BP believes that climate change is an important long-term issue that justifies global action
According to the Intergovernmental Panel on Climate Change (IPCC), warming of the climate system is unequivocal, and is in large part due to an increase in greenhouse gas (GHG) emissions from human activities. The IPCC believes that warming of the climate will probably lead to extreme weather events becoming more frequent and unpredictable. Its latest report makes clear that limiting climate change will require substantial and sustained reductions of GHG emissions.
The climate challenge
BP’s analysis suggests that global carbon dioxide (CO2) emissions from fossil fuels may be 29% higher in 2035 than they were in 2012, partly as a consequence of coal use in rapidly growing economies. This is a projection of what we think is likely to happen, not what we would like to see.
More aggressive energy policies and technologies could lead to slower growth in CO2 emissions than expected but this would still not be enough to limit warming to no more than 2°C, the threshold recognized by governments as limiting the worst impacts of climate change. The International Energy Agency has acknowledged that its 450 scenario, which would put the world on a lower-carbon trajectory, looks increasingly unlikely.
There are several reasons, in addition to growing energy demand, why achieving substantial and rapid GHG emissions reductions will be challenging. Some potentially important lower-carbon technologies – including nuclear energy, carbon capture and storage, and electric vehicles – still face significant technology, logistical, political, infrastructure and cost challenges. And worries about the cost of renewable technologies have led some governments to reduce their levels of support. In the meantime, the GHG intensity of oil and gas extraction and production looks set to increase, with the move towards resources that are harder to access.
The scale of this challenge is such that governments must act by setting a clear, stable and effective carbon policy framework. A clear framework is necessary if energy companies are to limit GHGs while providing energy competitively. Global economic challenges have reduced the focus of some governments on climate policy, at least in the short term. That said, carbon regulations continue to be introduced and strengthened; and the commitment made in Durban in 2011 by both developed and developing countries to negotiate an agreement by 2015 that requires action from all countries by 2020 suggests that an emphasis on carbon policy may return.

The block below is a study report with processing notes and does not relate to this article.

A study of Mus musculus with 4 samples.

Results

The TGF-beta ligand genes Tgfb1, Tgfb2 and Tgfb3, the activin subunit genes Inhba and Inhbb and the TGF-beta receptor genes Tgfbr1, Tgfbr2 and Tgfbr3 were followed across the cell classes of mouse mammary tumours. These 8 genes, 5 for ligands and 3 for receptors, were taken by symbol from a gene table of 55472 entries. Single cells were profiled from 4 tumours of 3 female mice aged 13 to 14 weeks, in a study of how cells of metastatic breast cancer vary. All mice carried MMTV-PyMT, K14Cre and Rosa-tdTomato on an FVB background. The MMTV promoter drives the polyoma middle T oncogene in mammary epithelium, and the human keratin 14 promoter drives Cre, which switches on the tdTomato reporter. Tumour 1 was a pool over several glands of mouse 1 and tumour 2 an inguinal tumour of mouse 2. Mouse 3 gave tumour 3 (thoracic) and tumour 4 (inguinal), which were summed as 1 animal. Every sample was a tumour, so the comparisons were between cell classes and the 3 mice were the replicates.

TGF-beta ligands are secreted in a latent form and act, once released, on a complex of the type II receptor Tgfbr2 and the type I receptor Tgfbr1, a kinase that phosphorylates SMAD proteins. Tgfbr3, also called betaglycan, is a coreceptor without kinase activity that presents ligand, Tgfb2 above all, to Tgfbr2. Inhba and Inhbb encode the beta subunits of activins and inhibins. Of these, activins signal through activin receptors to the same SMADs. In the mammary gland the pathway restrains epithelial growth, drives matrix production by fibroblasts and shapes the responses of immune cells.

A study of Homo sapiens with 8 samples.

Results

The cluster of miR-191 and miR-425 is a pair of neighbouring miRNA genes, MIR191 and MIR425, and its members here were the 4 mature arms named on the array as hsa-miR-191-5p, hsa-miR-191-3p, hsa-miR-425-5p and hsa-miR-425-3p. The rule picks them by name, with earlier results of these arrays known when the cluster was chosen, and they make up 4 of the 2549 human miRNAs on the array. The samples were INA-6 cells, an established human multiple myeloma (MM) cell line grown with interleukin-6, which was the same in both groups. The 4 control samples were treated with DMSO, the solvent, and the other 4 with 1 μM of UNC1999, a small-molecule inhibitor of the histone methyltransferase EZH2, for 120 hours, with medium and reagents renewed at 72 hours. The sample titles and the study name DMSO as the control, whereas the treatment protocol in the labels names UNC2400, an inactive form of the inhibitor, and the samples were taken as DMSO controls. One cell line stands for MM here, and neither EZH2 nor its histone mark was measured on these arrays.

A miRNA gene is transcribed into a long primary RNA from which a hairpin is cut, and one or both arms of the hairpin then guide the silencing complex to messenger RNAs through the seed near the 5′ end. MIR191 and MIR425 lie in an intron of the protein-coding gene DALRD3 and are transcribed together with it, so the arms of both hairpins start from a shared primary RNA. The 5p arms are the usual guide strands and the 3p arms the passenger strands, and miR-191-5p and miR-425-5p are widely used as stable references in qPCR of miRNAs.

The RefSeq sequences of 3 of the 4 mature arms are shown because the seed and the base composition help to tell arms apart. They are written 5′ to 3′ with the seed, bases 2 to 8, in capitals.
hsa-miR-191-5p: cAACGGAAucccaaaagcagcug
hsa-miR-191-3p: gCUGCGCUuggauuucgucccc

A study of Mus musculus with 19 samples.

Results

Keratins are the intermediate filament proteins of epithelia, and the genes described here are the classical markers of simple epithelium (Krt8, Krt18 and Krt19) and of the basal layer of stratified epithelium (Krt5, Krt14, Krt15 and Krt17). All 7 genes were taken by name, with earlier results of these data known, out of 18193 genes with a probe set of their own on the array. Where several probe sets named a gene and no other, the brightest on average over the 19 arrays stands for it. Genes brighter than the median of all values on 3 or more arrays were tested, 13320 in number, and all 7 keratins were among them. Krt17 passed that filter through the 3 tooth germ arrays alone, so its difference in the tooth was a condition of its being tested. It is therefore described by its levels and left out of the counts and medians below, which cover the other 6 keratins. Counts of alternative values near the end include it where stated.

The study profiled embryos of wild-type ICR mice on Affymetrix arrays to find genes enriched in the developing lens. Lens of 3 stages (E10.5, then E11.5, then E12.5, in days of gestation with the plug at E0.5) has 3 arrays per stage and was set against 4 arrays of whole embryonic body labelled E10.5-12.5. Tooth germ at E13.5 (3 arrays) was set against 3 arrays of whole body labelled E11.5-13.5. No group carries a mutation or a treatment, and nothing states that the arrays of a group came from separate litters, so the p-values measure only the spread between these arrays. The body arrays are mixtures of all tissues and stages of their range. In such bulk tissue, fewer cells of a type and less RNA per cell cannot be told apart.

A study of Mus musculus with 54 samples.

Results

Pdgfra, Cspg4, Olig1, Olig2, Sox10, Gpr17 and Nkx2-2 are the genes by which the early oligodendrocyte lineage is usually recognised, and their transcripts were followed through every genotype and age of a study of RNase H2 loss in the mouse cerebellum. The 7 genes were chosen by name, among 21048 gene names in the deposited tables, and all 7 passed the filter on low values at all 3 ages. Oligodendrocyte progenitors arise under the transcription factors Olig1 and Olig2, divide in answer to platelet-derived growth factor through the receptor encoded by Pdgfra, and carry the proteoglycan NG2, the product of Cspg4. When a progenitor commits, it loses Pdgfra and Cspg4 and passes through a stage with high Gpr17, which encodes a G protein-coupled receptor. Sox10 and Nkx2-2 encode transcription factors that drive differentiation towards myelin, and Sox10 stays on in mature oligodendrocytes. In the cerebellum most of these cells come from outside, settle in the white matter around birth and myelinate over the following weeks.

We also believe that putting a price on carbon – one that treats all carbon equally, whether it comes out of a smokestack or a car exhaust – will make energy efficiency and conservation more attractive to businesses and individuals and lower-carbon energy sources more cost competitive. A global carbon price should be the long-term goal, but regional and national approaches are a good first step, provided temporary financial relief is given to sectors that are exposed to international competition.
Investors in 2013 raised a concern about unburnable carbon – the argument that the carbon dioxide from burning all known fossil fuel reserves would raise global temperature by more than 2°C – and that potential greenhouse gas regulation to prevent this from happening could reduce the value of some of these reserves and the companies that own them.
We agree that burning all known reserves would probably cause global temperatures to rise by more than 2°C – and that addressing this issue will require the efforts of governments, industry and individuals. However, we believe that the unburnable carbon approach to assessing the impact of potential climate regulation on a company’s value oversimplifies the complexity of the issue and overstates the potential financial impact.
BP considers a wide range of factors that may affect the price and demand for our products when making investment decisions including:
- Potential GHG regulation: We assess carbon policy at a regional level, and we apply a carbon price to larger projects and those for which emissions costs would be a material part of the project.
- Changes in demand: We make regional and global assessments of energy supply and demand, and we undertake detailed demand modelling for the transport sector, to assess the risk of shifting demand for our products.
- Fluctuating oil prices: We use a range of oil price sensitivities to manage commodity price risk and we prioritize value over volume for new upstream projects.
- Evolving technology: We undertake deep dives into potential innovation in the 2030-2050 timeframe and we collaborate with external technology-focused bodies.
This approach enables us to optimize our portfolio to meet the world’s energy needs and to alter our investments to reflect changing policy, market and technology conditions.
"In the transition to a low-carbon future, oil and gas companies will need to innovate and have portfolios which are resilient to sudden changes in public policy or technological breakthroughs. This is why both companies in this sector and their long-term investors are increasingly engaging with policy makers whilst innovating themselves. We encourage these companies to publish information on future energy scenarios which highlight critical uncertainties, while building a coalition of the willing to bring carbon capture from gas to economic scale. BP's focus on value not volume is a welcome strategic discipline in this context."
Helen Wildsmith, Head of Ethical & Responsible Investment, CCLA.